Friday, September 23, 2005


My throat HURTS!! And my stomach is all wonky. And I ate a scone for breakfast, and I never even eat breakfast anymore. But whatcha gonna do when your stomach feels all blechy?

No practice for me today. I was going to have to miss my mysore practice at Shala X anyway because I had a thing in Brian's classroom, but I was going to try to go to Erika Hildebrandt's half led primary at Yoga Sutra at noontime. Unfortunately...well, whine whine whine.

Does anyone practice when they feel like crap? Am I supposed to? Still not clear on that....

Brian's classroom thing was a "Book Group". The book was Lemonade Sun, a collection of poetry, which every Third Grade kid at the school was required to read over the summer. Once the school-year began, the kids in Brian's classroom were given a set of questions to think about, like "What did the book make you think about?" and "How did the book of poems differ from other types of books you have read?" They wrote their answers down as a way of preparing for the Book Group.

Today, being the big day, the parents were invited into the classroom, where we sat in small groups with our kids and discussed the answers to the set of questions. At first, we talked about the type of language the poetry used (lots of aliteration, lots of onamotapoeia). Then somehow, the discussion veered into more philosophical territory....about the nature of poetry, comparing and contrasting it first to prose in general and then to any sort of work of fiction or non-fiction. After some lively debate (the Husband, a man who has not read a word of literature since Freshman Year of college, told the group that "poetry is all fiction, as it is never factual; another mom demanded, "But what about "The Midnight Ride of Paul Revere?"), we came to the conclusion that poetry is really about the "form", rather than the "content".

Since I wrote poetry in college (I even won an award from the Academy of American Poets), I found this very intellectually stimulating. Thus, I was surprised when the groups, one by one, gave a summary of what they had discussed amongst themselves, and discovered that every other group talked about "lemonade" or "sun" or "summer" and stuff like that. My friend and fellow mom, Ann, and I giggled when we realized that we had actually subjected our little Third Grade Book Group to a college-level discussion of post-modern literary theory...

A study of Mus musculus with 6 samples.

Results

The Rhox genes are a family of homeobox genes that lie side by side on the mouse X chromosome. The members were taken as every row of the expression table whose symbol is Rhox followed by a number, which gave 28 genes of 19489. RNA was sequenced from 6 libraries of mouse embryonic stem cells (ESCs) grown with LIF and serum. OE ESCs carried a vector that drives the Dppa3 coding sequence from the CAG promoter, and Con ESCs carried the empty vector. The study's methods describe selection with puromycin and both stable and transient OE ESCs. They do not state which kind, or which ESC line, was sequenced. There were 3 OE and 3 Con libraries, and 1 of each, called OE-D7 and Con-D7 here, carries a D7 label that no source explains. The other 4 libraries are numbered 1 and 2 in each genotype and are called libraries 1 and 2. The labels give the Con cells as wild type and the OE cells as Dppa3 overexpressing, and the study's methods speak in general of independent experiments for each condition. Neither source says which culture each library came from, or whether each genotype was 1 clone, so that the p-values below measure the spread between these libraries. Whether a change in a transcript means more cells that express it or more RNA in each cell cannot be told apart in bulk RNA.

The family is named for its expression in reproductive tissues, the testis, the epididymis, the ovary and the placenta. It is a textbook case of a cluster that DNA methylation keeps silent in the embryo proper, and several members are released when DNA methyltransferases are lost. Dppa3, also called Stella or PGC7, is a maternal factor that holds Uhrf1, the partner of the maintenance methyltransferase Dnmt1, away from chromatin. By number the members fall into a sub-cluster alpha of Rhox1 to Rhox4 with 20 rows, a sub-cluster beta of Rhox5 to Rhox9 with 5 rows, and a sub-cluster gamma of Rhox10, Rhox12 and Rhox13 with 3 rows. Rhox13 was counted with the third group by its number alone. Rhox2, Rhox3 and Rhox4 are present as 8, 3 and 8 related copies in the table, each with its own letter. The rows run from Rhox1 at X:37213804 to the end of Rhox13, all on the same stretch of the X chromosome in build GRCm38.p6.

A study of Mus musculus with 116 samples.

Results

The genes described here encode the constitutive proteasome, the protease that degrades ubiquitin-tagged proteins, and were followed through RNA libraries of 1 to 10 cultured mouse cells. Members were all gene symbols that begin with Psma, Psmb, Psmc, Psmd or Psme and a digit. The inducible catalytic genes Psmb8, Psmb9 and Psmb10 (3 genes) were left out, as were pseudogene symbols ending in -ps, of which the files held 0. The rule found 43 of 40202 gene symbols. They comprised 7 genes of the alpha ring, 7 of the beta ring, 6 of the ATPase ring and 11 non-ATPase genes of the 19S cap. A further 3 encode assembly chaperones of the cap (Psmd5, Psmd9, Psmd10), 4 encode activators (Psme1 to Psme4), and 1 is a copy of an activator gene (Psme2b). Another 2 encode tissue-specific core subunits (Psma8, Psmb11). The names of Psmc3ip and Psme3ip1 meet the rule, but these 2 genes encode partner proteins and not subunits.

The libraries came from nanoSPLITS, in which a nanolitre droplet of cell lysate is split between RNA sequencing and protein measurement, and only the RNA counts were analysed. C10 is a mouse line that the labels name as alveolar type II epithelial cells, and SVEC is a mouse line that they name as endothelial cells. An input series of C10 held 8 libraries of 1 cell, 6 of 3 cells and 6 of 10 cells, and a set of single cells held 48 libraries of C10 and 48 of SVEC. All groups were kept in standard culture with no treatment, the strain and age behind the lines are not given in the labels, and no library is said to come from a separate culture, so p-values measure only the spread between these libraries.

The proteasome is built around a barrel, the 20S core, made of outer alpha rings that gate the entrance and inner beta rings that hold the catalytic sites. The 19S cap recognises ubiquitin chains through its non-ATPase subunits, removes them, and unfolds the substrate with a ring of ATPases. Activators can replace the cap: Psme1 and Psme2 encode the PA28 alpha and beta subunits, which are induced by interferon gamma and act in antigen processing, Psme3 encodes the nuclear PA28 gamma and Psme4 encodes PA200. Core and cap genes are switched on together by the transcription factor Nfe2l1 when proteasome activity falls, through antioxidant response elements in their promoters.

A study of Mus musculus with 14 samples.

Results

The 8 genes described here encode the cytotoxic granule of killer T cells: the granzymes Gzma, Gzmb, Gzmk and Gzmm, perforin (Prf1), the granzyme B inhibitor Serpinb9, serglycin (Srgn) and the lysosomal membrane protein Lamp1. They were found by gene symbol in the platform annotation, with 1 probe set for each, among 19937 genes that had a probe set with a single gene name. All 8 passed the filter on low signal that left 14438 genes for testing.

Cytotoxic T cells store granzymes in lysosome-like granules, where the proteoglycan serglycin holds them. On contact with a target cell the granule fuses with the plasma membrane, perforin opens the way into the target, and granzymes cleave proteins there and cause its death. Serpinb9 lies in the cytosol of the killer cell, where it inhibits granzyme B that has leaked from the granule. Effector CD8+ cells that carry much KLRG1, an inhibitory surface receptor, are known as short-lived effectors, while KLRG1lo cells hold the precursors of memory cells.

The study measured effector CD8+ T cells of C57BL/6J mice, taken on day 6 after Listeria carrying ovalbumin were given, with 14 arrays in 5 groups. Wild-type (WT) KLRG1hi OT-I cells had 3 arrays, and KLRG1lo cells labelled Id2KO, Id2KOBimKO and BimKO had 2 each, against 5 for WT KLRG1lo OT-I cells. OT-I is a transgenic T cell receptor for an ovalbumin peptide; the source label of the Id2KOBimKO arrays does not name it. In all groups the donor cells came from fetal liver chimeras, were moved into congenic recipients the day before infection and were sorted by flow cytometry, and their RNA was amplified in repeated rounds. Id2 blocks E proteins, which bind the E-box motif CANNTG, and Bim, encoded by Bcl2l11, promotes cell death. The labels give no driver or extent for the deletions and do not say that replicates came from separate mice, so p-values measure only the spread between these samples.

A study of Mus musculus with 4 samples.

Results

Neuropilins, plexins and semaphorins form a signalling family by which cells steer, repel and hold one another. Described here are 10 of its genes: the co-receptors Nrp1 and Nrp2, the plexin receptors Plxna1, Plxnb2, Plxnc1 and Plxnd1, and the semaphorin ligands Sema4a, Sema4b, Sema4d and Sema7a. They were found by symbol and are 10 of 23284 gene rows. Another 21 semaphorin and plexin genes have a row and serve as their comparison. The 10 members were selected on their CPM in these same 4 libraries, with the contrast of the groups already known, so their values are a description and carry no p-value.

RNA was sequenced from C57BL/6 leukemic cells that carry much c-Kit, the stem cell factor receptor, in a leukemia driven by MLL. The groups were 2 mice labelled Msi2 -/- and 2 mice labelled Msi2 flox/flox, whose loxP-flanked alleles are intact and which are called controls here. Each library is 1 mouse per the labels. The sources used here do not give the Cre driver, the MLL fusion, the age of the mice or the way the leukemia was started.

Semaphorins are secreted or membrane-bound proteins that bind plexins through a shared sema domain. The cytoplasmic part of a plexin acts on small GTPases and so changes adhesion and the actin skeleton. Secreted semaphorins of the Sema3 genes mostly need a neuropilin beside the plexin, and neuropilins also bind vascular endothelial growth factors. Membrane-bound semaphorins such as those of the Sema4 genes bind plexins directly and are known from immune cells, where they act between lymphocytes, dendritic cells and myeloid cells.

jody said...

Uhh Im not suprised you won an award for writing, you an annoyingly good writer!!!! (wink)

Anonymous said...

my rule for practicing when sick-- if it's an illness that is above my stomach area-- meaning a head cold, sore throat etc... i will practice. If its digestive in nature or even further below---female issues-- i will not practice.
but I've always felt better when i have practiced even when sick.

Anonymous said...

I pretty much use the same rule as the previous anonymous--though I ignore all rules about periods and practice. Practiced with a sore throat this morning, and it was especially sweet!

Anonymous said...

but, but, i thought one wasn't supposed to get sick when one was doing yoga (tee-hee) love reading about your boys, they seem like amazing little people. and i firmly believe in talking to kids on your own level, none of that little kid talk. keep it coming,
greetings, ivdp

Anonymous said...

not to not join the fan club but you spelled alliteration and onomatopoeia wrong...

Chris said...

Last Anon-

I'm curious, why did you feel the need to point out spelling errors? Was the intention of her post not clear with those two errors?

Susan said...

How's the Puppy?

I practice no matter what. Unless I am so tired and achy I can't move off the couch.
I think it pushes it out of the system faster....

Anonymous said...


I hope you are feeling better today. What did Brian say, if anytning, at the poetry session?
Or was he private, pensive, and proud (parents present and contributing).

As for spelling, I didn't catch the errors. I think it is great that you have at least one literate reader who did. I do agree with your other readers on the your writing. It runs in the family, of course. You should write a memoir or fictionalized version of your experiences. The only input I would like to have is to say you should be a contrarian to Philip Roth and make your mother be the most wonderful person. But then it would be a bore. I therefore give you permission to portry me as real. (I will get over it with some visits to the shrink.)



P.S. Read your e-mail for a message.

Anonymous said...

Oh boy! 2 errors in my post. Embarrassed.


Anonymous said...


I pointed it out because I would want to know and I believe Lauren can handle it. Sorry if it bugged you.


I live by a duck pond. I used to live by the East River. I don't work. I used to work a lot. Now, not so much. I used to teach a lot of yoga. Now not so much. I still practice a lot of yoga though. A LOT. I love my kids, being outdoors, taking photos, reading magazines, writing and stirring the pot. Enjoy responsibly.